For home builds and remodeling projects, these tariffs are even forcing contractors to add in escalation clauses for projects that are being scheduled for next year, because they don’t know how high prices are going to rise. Home values have risen in recent years, which has given homeowners the cash to improve their investment by renovating their home through a general contractor.
This estimate spike in prices and potential for more to come has caused homeowners to want their projects done faster, before any escalation clauses can increase their budget. The tariffs are therefore putting pressure on the industry to work quickly and find other means of cutting building costs to remain within budget.
Adding to the tariffs on Canadian lumber, imported steel and aluminum, this new round of tariffs on Chinese goods will include wall material, floorboards, light fixtures, cabinets and countertops, heating and cooling equipment, tile for bathrooms and back splashes, and more. Most mosaic, glass and patterned tile are not made in the U.S., as well as the cost of ceramic, natural stone, glass materials, and more. Industry experts estimate that import duties on these items will go up at least 15 to 20 percent, which will in turn force costs on them all to follow suit.
While vehicles may cost thousands more with the tariffs on steel, housing costs are harder to pinpoint. What is known is that the combined tariffs on everything from building materials to appliances will increase the overall cost of new homes. The true impact of this tariff won’t be seen until the next wave of home construction begins next year, when builders will be forced to pay for the higher material costs of Canadian lumber for construction jobs that are already contracted.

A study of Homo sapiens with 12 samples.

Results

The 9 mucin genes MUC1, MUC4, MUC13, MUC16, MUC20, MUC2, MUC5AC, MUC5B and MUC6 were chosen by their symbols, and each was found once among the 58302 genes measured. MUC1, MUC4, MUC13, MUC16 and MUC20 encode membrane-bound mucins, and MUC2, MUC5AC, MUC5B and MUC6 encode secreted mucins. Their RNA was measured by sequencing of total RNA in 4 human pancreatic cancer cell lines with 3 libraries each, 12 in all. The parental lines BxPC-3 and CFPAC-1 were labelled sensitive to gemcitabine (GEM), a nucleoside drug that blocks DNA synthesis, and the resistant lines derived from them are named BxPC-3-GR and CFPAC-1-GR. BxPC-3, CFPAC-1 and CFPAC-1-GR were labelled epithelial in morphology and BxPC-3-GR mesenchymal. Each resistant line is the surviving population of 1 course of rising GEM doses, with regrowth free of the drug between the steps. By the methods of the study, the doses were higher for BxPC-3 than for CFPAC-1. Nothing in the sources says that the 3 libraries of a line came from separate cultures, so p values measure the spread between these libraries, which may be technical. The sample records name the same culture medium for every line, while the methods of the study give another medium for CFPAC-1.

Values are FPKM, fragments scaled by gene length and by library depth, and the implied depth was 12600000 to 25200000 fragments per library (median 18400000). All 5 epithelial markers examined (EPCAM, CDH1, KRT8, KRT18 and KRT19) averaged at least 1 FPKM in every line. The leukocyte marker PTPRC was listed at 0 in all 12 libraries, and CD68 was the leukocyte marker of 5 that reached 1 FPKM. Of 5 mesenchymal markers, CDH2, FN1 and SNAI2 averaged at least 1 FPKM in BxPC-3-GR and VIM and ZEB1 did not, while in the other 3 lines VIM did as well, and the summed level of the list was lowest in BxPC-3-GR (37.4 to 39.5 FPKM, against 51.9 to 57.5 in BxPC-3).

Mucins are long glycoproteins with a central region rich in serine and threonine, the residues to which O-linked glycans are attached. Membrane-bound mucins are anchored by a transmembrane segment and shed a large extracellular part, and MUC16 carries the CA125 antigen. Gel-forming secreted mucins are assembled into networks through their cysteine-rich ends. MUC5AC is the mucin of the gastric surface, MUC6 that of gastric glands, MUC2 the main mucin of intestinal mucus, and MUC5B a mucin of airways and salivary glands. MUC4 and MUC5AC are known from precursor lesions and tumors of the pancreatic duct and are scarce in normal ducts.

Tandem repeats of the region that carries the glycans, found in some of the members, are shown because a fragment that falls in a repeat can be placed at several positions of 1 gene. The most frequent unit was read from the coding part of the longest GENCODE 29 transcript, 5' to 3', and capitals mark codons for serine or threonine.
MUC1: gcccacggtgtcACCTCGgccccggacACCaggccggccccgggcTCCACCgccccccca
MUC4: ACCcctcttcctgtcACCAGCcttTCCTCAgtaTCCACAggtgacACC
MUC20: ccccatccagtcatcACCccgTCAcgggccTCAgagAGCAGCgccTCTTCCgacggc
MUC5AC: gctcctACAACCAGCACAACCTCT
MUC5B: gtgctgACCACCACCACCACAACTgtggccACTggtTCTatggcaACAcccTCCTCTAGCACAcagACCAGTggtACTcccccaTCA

The steel and aluminum tariffs will affect new home prices if the cost of those materials increases within the U.S. This effect will be more muted, since homes are typically built more with wood than metal. Lumber accounts for one-third of the average cost of building a new home, while steel and aluminum contribute just 0.5 percent to one percent of the home’s total cost.
With the new and existing tariffs, apartment buildings and condos will feel the hurt the most because they require significantly more steel than single-family homes. Unfortunately, these material costs may have to be absorbed by buyers and renters.
Overall, the tariffs aim to strengthen the American economy by forcing construction companies to use American goods rather than foreign imports, however this has also raised the actual cost of building a house. This may cause new home construction to plummet in the coming year and fewer renovation projects like kitchen and bathroom remodels as well, but it remains to be seen.